SPECIFICATIONS
  • 1.33:1 Standard
  • French Dolby Digital 1.0 Mono
  • French PCM Mono
  • English subtitles
  • 2 Discs
FEATURES
  • Region B
  • My Uncle (Jacques Tati, 1984): the English version of Mon Oncle shot simultaneously
  • Mon Oncle trailer (DVD only)
  • Fully illustrated booklet with film notes and credits

Mon oncle

Dual Format Edition
Reviewed by: Chris Galloway

Directed By: Jacques Tati
Starring: Jacques Tati
1958 | 116 Minutes

Release Information
Blu-ray | MSRP: £19.99 | Series: BFI
BFI Video

Release Date: October 29, 2012
Review Date: November 4, 2012


Jaques Tati's multi-award-winning third feature, Mon Oncle - a satirical assault on the twin targets of efficiency and the modern world - confirmed his reputation as the foremost comic artist of his day. Tati's second outing as the accident-prone M. Hulot takes him to Paris where the aggressively high-tech lifestyle of his relatives, the Arpels, is contrasted with his old-fashioned ways in a scruffy part of town. Young Gerard Arpel is very fond of his gauche uncle and the children in his neighbourhood but his disapproving parents resolve to get Hulot a job or a wife. The disastrous outcome is a masterpiece of design and symmetry and of technically brilliant gags. The heart-warming ending is true to Tati's vision of the modern world as a confusing place that is ultimately fulll of charm and humanity.


PICTURE

BFI presents Jacques Tatiís Mon oncle on Blu-ray in its original aspect ratio of about 1.37:1 on this dual-layer disc. The transfer is presented in 1080p/24hz. This Blu-ray is region B locked and will not play on North American region A players.

Compared to Criterionís DVD the most obvious difference is the colour tones. This presentation looks a little grayer and greener in comparison to the Criterion DVD, and a little darker overall. After viewing this and looking at the Criterion DVD it now looks to be boosted a bit so I wouldnít be too stunned if the Blu-ray delivers the intended look.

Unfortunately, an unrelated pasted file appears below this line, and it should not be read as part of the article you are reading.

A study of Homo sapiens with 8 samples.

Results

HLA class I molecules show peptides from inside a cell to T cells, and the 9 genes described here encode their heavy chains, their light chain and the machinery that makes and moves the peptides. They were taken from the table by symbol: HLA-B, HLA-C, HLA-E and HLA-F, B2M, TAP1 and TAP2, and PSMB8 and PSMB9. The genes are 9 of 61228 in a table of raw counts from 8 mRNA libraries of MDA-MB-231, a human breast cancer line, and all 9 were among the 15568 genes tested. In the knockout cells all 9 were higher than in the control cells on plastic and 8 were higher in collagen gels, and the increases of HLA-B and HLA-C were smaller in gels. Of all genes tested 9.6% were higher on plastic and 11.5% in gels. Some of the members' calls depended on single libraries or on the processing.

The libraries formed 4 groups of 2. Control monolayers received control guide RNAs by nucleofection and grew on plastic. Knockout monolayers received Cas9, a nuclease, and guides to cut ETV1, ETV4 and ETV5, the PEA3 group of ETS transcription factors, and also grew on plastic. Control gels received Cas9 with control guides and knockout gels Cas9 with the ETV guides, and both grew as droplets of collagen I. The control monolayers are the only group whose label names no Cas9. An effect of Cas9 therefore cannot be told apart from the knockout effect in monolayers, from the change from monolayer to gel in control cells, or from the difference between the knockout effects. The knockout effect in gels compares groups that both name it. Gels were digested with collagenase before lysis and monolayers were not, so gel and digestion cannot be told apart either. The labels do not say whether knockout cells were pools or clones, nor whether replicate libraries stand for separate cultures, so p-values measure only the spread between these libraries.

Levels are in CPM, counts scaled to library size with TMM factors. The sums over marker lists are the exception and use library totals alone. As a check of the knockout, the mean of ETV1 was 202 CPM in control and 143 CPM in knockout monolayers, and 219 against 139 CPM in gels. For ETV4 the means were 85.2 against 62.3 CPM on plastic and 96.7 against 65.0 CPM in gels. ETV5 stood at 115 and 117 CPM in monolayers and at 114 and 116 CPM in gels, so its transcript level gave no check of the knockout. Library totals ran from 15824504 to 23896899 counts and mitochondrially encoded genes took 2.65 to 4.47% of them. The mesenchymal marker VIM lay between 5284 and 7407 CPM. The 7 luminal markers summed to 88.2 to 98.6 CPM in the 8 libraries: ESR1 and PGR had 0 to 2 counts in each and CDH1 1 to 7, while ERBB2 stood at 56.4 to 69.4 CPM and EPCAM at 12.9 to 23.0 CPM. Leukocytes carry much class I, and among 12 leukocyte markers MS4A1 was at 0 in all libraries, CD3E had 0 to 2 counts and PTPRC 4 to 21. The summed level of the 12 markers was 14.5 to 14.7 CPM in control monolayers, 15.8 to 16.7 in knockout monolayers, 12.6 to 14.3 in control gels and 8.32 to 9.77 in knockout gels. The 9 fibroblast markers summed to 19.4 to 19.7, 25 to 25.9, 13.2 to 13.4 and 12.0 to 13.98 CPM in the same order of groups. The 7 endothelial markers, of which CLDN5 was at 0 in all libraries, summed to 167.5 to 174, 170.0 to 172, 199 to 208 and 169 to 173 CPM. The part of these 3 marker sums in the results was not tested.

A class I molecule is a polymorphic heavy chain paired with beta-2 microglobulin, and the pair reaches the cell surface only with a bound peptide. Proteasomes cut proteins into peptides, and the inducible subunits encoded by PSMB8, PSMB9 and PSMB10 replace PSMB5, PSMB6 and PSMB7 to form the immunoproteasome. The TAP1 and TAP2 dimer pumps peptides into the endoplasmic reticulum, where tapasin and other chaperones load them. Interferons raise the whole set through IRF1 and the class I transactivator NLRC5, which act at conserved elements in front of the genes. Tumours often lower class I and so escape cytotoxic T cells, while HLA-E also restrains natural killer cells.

The transfer also looks far more natural and film-like in comparison, the Criterion DVD laced with noticeable edge-enhancement and other artifacts. Here we get a sharper image, with finer details coming through better, and film grain is left intact.

The print presents fewer marks and looks to have been cleaned up a bit more, though it still contains some minor blemishes and faint tram lines in places. As a whole it looks different in comparison to what Iím used to, though I think I do prefer what we get here. And though I canít say if itís how the film is supposed to look the transfer is far more film-like and cleaner than what Criterionís DVD presented.

8/10

All Blu-ray screen captures come from the source disc and have been shrunk from 1920x1080 to 900x506 and slightly compressed to conserve space. While they are not exact representations they should offer a general idea of overall video quality.


The disc delivers a linear PCM 1.0 mono track. The track does come off a bit hollow and it lacks any real punch, but what little dialogue shows up sounds decent and the sound effects are clean and never come off distorted.

6/10

SUPPLEMENTS

There isnít a lot per se, but BFI does at least include My Uncle, the English language version of the film. This isnít a simple dubbing but is actually more or less a completely different version filmed at the same time. Not only is most dialogue now delivered in English (some is still in French) but signs within the film are also in Engliah and, as the booklet notes pointed out since I actually did miss this, costumes in a few scenes also differ. It is 7-minutes shorter though I donít think I can say why. The film seems to be essentially the same, the gags even the same if slightly different in delivery. Itís a cool inclusion, though I may stick with the French since itís what I know but for those who may prefer this version theyíll be happy to know that it has been given a rather nice 1080p/24hz transfer itself.

A DVD disc is also included with this release, apparently presenting standard-definition versions of both films, but I canít confirm this since I was only sent the Blu-ray disc. The DVD also apparently contains the filmís theatrical trailer.

The release also comes with a booklet but, like Jour de fÍte, itís pretty slim, only containing a short essay on the film by Philip Kemp and a note on the English version of the film. Youíll also find a short bio on Tati and then notes on the transfer.

Iím a little disappointed that nothing else has been included, though itís great BFI at least includes the alternate English version and gives it a nice transfer itself.

4/10

CLOSING

The inclusion of the English version of the film is a nice addition but the release still manages to feel slim with even the booklet coming off skimpy, something very out of character for BFI. But the transfer is a stunner, a vast improvement over the Criterion DVD and much more film-like. For the transfer alone the disc is worth picking up.